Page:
Donald Trump Forces Some Colleges to Cancel Diversity Programs, Others Stand Firm

Two U.S. colleges have suspended diversity training in the wake of an executive order signed by President Donald Trump banning federally-funded staff from providing classes that promote stereotyping based on gender or race.

The directive called for an end to "blame-focused" diversity training centered on the concept that some individuals are "oppressors" simply because of their race or sex.

The executive order, issued on September 22, also called for an end to the "pernicious and false belief that America is an irredeemably racist and sexist country; that some people, simply on account of their race or sex, are oppressors; and that racial and sexual identities are more important than our common status as human beings and Americans."

"Instructors and materials teaching that men and members of certain races, as well as our most venerable institutions, are inherently sexist and racist are appearing in workplace diversity trainings across the country," the order stated.

"Such ideas may be fashionable in the academy, but they have no place in programs and activities supported by federal taxpayer dollars."

It prompted the University of Iowa to announce that it was temporarily pausing training programs for a two-week period to determine whether the language or materials it used could be deemed in violation of the order.

The suspension affects harassment and discrimination training for university employees.

"Let us state unequivocally that diversity, equity, and inclusion remain as core values within our institution," Liz Tovar, the interim associate vice president for diversity, equity and inclusion, said in an open letter to staff and students.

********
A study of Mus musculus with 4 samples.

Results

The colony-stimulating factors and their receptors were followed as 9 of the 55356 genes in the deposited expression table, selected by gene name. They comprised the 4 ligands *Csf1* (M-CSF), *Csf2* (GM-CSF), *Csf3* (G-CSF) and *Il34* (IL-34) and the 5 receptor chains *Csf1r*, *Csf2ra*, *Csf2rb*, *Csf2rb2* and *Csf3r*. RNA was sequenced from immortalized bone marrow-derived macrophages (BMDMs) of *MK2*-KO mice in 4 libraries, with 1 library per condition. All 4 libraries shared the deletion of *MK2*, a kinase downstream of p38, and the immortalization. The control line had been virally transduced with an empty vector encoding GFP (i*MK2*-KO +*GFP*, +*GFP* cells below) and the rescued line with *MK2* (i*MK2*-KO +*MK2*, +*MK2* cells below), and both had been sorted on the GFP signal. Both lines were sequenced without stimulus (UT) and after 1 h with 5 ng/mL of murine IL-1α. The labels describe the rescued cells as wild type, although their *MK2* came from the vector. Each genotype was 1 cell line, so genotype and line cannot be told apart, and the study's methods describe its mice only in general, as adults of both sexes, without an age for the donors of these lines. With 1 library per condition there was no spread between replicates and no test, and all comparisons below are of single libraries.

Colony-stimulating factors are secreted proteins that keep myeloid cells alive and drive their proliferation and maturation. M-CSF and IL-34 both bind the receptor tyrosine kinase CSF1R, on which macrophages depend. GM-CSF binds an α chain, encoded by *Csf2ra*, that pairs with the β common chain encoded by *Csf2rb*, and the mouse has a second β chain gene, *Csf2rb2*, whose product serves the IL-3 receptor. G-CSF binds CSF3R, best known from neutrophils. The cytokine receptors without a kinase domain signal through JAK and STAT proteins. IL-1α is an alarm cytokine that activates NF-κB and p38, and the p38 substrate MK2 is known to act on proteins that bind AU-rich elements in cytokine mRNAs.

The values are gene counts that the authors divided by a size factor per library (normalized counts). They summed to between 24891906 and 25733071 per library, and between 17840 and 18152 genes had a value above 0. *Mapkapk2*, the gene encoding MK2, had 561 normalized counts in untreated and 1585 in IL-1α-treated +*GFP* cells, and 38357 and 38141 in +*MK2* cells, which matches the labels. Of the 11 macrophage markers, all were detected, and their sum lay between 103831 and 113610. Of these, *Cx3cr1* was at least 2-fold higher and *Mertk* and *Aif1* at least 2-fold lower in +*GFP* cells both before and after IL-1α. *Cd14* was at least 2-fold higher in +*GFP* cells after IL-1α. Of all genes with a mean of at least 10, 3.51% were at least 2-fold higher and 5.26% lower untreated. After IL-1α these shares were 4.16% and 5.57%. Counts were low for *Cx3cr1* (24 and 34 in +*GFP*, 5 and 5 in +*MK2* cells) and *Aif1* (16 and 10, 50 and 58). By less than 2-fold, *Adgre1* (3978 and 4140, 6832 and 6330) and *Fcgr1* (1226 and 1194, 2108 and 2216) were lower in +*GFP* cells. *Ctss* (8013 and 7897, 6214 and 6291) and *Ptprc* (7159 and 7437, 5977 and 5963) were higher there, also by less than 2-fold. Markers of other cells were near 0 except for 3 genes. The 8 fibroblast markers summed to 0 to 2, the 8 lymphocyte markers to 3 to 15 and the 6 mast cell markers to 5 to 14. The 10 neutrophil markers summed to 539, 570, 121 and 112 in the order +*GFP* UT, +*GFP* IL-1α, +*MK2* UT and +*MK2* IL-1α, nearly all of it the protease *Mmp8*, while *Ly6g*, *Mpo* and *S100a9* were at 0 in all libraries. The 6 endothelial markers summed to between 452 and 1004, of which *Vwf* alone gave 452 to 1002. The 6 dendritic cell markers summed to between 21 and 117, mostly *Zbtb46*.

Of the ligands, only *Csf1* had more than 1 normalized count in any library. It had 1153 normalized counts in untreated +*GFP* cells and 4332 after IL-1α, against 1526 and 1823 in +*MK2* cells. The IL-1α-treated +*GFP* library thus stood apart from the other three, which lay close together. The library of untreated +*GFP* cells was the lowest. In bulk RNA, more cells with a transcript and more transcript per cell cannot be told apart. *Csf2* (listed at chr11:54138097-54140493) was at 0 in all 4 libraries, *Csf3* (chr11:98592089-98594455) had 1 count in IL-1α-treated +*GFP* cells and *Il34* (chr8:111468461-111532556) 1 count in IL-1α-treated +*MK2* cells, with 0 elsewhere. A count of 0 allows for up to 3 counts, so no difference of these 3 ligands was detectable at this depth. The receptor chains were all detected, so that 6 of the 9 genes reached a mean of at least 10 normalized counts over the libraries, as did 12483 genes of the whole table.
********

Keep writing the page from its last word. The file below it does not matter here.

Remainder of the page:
John A. Logan College in Carterville, Illinois also announced it was suspending diversity training.

However, other colleges have vowed to challenge the order in an effort to continue with their diversity programs.


The University of Michigan's president, Mark S. Schlissel, said the school was "dismayed by an executive order that is a direct violation of our right to free speech and has the potential to undermine serious efforts to acknowledge and address long-standing racist practices that fail to account for disparate treatment of our citizens throughout our society.

"The university will continue to examine the implications of this order and speak out against it."

Commenting on the new order last month, Trump tweeted: "Americans should be taught to take PRIDE in our Great Country, and if you don't, there's nothing in it for you!"

He said the move was aimed at ending efforts to "indoctrinate government employees with divisive and harmful sex and race-based ideologies."

ReNika Moore, director of the ACLU's Racial Justice Program, spoke out against actions by the White House, which she said showed Trump was "trying to stop necessary, overdue trainings about race and gender in government."

She said: "To say racial and gender equity trainings cause racism and sexism, is like saying diagnosing and developing a treatment plan causes cancer."